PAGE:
Contributed Column

Personnel Points

by Dave Mount, Westaff

Hiring the Legal

When I hear that there are some 12 million illegal workers in this country, I wonder where the system has gone wrong. We have had certain types of control over illegal workers since 1987 when President Reagan signed a landmark immigration bill. 

That bill gave amnesty to all workers who had been in this country for a certain number of years and allowed them to continue to work. They could eventually achieve permanent resident status and, if they wanted, to become citizens. 

The bill also required employers to verify the immigration status of people employed after the bill was signed, giving rise to the form I-9. Under the law, companies who employed illegal aliens were subject to a severe penalty for each violation — technical or otherwise. The penalty is between $250 and $2,000 for a first and second violation and $10,000 for a third. Now, 20 years later, we are in the same quandary. 

Where are all of those I-9 forms? 

The 1987 act is still in effect and can still be enforced by the Department of Homeland Security, and with the way Congress acts, it may be the only bill we have for several years to come, so we need to follow the current law.

Some tips and suggestions:

• An I-9 form must be completed by every new employee of your company. The size of your company does not matter nor does the relationship of the employee to the employer (child, spouse, etc.). I Googled the I-9 and had a copy downloaded to my computer in less that 15 seconds. You should have the form I-9 on file for every employee hired after 1987.

• The I-9 must be reviewed in person. Sending a form to someone and asking for copies of documents does not fulfill the requirements of the law. An official of the company must physically see the forms.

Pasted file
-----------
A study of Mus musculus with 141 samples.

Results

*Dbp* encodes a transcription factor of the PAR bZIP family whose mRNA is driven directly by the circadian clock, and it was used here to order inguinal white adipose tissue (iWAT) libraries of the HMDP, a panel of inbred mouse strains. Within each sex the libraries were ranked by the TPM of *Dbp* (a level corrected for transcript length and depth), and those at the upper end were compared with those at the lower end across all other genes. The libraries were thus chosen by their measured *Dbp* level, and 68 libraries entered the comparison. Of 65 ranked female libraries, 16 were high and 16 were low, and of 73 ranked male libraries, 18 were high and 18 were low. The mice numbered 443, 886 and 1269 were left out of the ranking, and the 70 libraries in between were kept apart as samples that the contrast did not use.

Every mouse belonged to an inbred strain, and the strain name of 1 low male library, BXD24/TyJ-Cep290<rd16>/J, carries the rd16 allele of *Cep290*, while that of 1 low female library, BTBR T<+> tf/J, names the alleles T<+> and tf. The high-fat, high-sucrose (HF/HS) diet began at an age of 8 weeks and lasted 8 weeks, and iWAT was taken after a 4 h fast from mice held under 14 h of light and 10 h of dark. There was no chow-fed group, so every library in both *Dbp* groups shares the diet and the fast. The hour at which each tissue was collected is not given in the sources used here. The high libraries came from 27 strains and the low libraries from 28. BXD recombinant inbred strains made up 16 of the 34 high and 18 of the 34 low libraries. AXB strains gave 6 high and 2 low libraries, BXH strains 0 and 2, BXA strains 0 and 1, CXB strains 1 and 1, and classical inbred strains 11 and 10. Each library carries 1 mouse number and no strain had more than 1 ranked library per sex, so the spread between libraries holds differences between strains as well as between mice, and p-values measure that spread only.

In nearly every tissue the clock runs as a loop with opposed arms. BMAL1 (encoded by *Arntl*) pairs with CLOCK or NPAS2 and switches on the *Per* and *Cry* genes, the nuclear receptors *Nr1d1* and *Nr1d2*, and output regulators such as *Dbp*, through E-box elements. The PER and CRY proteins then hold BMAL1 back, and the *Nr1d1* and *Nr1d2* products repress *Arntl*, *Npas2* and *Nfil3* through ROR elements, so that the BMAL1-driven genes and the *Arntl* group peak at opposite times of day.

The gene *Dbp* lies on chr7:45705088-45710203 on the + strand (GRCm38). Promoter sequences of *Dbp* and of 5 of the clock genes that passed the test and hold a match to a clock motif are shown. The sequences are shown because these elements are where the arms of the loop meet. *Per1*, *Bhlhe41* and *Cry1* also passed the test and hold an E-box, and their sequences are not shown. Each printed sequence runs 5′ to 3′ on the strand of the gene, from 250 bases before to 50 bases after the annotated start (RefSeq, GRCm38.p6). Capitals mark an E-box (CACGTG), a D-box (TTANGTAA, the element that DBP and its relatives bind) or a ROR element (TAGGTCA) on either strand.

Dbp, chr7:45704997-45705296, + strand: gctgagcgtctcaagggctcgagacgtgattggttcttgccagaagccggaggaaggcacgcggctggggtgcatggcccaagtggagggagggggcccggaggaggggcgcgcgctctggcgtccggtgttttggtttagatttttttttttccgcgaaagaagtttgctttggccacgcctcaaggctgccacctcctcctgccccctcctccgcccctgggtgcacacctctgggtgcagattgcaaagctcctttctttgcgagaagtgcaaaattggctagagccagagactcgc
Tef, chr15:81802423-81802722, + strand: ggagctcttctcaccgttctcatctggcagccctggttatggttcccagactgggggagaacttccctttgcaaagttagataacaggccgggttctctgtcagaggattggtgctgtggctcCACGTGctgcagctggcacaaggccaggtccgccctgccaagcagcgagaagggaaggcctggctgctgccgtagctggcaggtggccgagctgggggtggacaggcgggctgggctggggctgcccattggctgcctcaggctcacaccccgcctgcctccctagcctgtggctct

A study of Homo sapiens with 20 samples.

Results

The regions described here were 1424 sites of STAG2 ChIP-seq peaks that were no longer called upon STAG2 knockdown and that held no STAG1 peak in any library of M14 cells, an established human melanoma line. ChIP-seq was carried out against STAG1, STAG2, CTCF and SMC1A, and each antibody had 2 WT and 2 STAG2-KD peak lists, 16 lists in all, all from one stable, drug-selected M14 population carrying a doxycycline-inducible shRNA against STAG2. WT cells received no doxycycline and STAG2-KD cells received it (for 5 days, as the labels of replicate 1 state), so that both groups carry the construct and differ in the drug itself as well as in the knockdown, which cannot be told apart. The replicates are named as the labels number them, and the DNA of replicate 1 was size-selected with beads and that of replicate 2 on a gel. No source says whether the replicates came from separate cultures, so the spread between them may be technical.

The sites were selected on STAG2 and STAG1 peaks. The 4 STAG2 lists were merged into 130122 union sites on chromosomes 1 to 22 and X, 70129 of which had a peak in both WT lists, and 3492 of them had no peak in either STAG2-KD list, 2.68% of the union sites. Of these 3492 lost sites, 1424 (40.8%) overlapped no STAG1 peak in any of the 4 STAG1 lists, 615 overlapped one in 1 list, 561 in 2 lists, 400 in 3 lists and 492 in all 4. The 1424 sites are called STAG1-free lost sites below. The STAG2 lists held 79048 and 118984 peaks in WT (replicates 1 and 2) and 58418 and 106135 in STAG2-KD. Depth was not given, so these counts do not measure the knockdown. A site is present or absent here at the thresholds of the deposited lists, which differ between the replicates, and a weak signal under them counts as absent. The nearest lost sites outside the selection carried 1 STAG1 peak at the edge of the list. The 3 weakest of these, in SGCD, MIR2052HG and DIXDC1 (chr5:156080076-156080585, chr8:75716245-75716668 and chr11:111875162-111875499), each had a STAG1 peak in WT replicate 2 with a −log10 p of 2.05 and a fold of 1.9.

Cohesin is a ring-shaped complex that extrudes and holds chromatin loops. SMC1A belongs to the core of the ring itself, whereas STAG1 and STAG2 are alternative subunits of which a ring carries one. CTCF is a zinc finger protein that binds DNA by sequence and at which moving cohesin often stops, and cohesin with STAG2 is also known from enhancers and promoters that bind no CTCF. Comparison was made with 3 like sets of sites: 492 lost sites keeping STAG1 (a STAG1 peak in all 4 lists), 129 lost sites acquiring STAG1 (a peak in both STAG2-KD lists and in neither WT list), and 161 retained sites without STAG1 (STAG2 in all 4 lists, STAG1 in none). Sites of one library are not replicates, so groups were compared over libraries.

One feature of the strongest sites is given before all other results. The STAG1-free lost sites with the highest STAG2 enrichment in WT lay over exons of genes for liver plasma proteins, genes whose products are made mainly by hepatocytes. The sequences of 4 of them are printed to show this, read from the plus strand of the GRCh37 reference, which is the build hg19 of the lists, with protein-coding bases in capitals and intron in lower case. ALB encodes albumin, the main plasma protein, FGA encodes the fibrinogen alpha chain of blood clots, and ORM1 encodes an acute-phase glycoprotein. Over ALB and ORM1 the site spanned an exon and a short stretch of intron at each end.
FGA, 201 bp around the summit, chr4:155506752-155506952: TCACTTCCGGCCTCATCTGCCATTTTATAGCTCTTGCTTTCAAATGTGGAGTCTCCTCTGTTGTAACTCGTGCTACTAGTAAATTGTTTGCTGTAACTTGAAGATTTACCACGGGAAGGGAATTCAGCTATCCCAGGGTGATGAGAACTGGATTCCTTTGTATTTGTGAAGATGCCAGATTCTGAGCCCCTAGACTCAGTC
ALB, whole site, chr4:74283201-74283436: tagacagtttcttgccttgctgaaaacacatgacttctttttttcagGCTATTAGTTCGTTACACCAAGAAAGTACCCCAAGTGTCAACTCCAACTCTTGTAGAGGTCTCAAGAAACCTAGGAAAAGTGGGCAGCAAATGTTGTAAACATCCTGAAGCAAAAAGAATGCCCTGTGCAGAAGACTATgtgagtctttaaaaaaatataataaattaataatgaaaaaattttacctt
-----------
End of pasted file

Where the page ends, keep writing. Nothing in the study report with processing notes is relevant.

• The form explains the identification required. If the employee has a passport or Green Card, that is sufficient. If not, two forms of identification may be required — one a picture ID from a state or federal source to establish identity, and the second to establish the right to work, generally a Social Security card. It is important to see the original documents personally. 

• You are not held responsible for the validity of the documents. You should be able to spot an obvious forgery, but your responsibility goes to seeing the documents, not verifying the genuineness of the document.

• You should see the documents after a person is hired, not before. They should be seen and documented within three days of start date. 

• You may attach a copy of the documents to the I-9 you have filed, but if you attach a copy for one employee, you should do it for all. You may start to do it as of a given date, but you must do it all the time thereafter.

In the infinite wisdom of our government, the I-9 contains information that could be considered discriminatory if the timing is not followed to the letter. If a company has an employee complete the form before an offer of employment is made, then the date of birth on the form could give rise to discrimination. So could information about national origin. 

Of course, if all employers followed the rules on the I-9, illegal aliens could not work. Yet they do. In big cities, the appropriate documents are available on the street. 

A few years ago, a company we knew was working in the Hudson Valley to build kiosks. It had a large number of employees who were of Hispanic origin. The company had carefully verified each employee’s right to work and had an I-9 on every one. 

One day a police officer came into the plant to ask the plant manager a question. As soon as they saw him, 150 employees ran for the exits fearing an immigration raid. The next day, the company had to double check every piece of identification on the employees, thus losing a day’s production. 

One employee was told that his documents were not in order and he promptly told the manager that they must be in order, as he had just bought them.

We have not yet been inundated by illegal workers in Vermont, but it seems to me that it is inevitable. 

So is better enforcement. •

Dave Mount is the owner of Westaff in Burlington.

Index of Contributed Columns

For information on submitting a contributed column see here.